This is a lengthy update to my Open letter to the Hollywood studios censoring TPB AFK-rant.
Despite the fact that Google claims to do its “best to catch errors or abuse so we don’t mistakenly disable access to non-infringing material” I haven’t been able to get any response about the filtering of TPB AFK from Google in the past two months.
When I learned that Viacom, Fox, Paramount and Lionsgate have been asking Google to remove links that point to TPB AFK (wondering why our Swedish film was affected by US copyright law in the first place) I contacted lawyers and the online rights organisation Chilling Effects.
The lawyers saw no use suing the movie studios for filing false DMCA claims and seek damages, unless I could prove subjective intent and bad faith. (Rossi v. MPAA, 91 F.3d 1000 (9th Cir. 2004) – “errors aren’t actionable”). Instead they advised me to file a counter-notice once I had found out whether Google had actually taken down the links or not.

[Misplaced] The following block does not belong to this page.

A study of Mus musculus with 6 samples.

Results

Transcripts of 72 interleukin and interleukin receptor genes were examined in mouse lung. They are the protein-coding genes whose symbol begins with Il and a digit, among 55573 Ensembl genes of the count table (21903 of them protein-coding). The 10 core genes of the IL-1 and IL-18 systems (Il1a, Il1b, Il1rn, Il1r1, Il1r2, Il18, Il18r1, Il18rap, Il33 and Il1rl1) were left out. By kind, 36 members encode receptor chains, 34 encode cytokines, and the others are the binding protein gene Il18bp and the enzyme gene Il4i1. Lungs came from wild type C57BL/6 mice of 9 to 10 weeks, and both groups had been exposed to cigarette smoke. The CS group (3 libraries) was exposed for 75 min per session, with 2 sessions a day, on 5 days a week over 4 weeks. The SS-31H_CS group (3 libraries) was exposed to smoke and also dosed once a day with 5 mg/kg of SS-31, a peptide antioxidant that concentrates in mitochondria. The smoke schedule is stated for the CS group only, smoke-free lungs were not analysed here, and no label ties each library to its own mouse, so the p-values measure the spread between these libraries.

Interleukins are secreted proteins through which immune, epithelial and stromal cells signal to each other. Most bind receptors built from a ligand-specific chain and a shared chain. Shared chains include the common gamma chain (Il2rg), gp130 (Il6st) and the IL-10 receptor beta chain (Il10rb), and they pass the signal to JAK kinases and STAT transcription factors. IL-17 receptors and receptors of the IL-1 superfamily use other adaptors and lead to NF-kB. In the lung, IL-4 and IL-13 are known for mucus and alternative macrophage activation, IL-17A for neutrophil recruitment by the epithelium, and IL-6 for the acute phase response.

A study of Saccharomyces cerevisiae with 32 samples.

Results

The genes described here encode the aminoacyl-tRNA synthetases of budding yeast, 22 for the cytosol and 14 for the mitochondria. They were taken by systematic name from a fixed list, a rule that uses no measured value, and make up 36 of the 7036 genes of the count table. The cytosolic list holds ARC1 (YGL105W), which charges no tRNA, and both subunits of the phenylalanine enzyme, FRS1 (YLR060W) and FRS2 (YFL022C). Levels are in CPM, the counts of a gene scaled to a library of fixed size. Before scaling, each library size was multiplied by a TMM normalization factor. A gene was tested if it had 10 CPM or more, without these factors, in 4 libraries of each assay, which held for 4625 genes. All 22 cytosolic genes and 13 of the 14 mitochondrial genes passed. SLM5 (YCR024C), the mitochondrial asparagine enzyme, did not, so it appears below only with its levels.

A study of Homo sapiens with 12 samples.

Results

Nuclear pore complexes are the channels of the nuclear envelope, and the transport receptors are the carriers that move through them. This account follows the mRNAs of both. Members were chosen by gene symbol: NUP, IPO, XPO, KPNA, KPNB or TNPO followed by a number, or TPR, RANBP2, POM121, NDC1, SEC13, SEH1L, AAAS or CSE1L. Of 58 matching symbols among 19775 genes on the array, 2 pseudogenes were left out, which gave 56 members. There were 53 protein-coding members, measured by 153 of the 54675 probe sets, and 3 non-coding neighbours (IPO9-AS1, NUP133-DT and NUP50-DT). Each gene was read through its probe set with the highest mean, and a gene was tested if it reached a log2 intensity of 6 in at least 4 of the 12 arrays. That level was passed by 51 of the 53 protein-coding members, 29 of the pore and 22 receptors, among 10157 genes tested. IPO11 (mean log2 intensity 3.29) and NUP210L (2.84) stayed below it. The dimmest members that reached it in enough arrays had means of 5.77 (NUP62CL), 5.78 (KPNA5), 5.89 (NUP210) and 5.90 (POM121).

Can bots act in good or bad faith? I wondered, and wrote to Google’s Nordic Policy counsel David Mothander.
I explained that our distribution-strategy was to share the film as much as possible and that it had been harmed regardless if the take down notices were intentional or not. I asked if Google could help me find out whether they had actually taken down the specific cases. I also wondered – as a copyright holder trying to develop new revenue models – what Google thinks about the fact that their automated DMCA-process hurts our business model.
On June 5th, Mothander replied that he hadn’t “forgotten about me” and that he was “working on giving (me) an answer as soon as possible” (my translation). Two months and two email reminders later it seems he has forgotten about TPB AFK after all.
To me it’s a depressive lesson that Google rather acts as a private proxy for dinosaur copyright enforcement than helping indie filmmakers experiment with sustainable distribution models. That sucks dude!
Then again, with the current explosion of “infringement” search removals and secret NSA-spying I guess it’s naive to expect Google to act anywhere close to their motto. A reply to my questions would be cool though.